Hungarian President János Áder's speech on Day of National Unity
„My feelings toward Hungary were less detached. I confess that I regarded and still regard that Turanian tribe with acute distaste. Like their cousins the Turks, they had destroyed much and created nothing. Budapest was a false city devoid of any autochthonous reality. For centuries the Magyars had oppressed their subject nationalities. The hour of liberation and retribution was at hand.” – wrote British diplomat Harold Nicolson – in 1919 –, who played a major role when the Trianon-borders were drawn.
My fellow compatriots,
What did this diplomat know about Hungary? About St Stephen founding the state, about the wisdom in our first king’s admonitions, about the valiance of St Ladislaus, about the heroism of János Hunyadi, about the world acclaimed victory at Nándorfehérvár?
What did he know about the Renaissance court of King Matthias, about his library unrivalled in Europe and the codices it contained, about the giants of the reform age, our freedom fight in 1848, or the economic boom, the scientific achievements of the half a century before World War I?
Nicholson knew precious little of all this. Yet – as a diplomat, party to the decision – he still fundamentally influenced the future of Hungarians.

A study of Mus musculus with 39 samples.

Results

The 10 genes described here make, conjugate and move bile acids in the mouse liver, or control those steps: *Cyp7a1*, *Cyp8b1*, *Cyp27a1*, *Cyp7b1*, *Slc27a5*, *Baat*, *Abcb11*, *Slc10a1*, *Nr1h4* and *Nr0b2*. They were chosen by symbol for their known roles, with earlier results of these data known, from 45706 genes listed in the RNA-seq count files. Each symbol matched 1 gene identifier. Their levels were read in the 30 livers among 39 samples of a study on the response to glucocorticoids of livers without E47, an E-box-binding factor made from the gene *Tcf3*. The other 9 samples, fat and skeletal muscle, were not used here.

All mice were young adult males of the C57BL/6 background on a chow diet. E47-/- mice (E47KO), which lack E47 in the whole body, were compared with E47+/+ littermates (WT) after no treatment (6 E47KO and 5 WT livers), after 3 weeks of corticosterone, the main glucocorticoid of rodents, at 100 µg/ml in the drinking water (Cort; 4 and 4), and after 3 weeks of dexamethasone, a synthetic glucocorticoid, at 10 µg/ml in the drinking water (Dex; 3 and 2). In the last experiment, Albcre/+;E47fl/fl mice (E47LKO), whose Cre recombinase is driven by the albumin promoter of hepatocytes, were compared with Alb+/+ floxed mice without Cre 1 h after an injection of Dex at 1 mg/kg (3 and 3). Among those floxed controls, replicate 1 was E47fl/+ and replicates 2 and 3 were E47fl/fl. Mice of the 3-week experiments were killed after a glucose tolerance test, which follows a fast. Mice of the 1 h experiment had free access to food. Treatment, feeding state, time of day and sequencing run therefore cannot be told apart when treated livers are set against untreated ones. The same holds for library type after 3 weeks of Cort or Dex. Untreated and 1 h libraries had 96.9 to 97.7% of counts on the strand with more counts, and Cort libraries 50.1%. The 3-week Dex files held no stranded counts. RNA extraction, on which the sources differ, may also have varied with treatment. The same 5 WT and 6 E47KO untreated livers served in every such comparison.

Hungary mourned – on 4 June - one hundred years ago today. Budapest was also draped in black. Flags were flown at half-mast. Newspapers were published with black mourning borders. Most of the shops, schools and offices remained closed. Buses and trams were halted. Bells tolled in the capital and everywhere in Hungary. Hungarians observed five minutes of silence.
Not a single Hungarian could come to terms with the loss, the humiliation, the codified illegality.
Hungary lost two-thirds of its territory in 1920. Her population shrunk from 18 to 7 and a half million. More than three million Hungarians found themselves outside of the borders. Romania was given land that itself was larger than what was left of Hungary. The majority of our wheat fields, 90 percent of our forests, two thirds of our railway networks were given to neighbouring countries.
Less mention is made of the economic development that Trianon halted. We know from our elementary school studies about the role played by István Széchenyi in building the first cylinder mill in Budapest. It is a lesser known fact that 60 years later, at the turn of the century, Budapest was the largest mill center of Europe. Only Minneapolis in the United States surpassed it globally.
We do not usually talk about the dynamic development of the Hungarian machinery industry. This, despite the fact that we have every reason to be proud. The first locomotive manufactured in Hungary came off the line in 1873 and 27 years later the one thousandth unit rolled out of the factory.
Within 30-40 years, Hungary was able to produce any equipment and machinery needed in agriculture.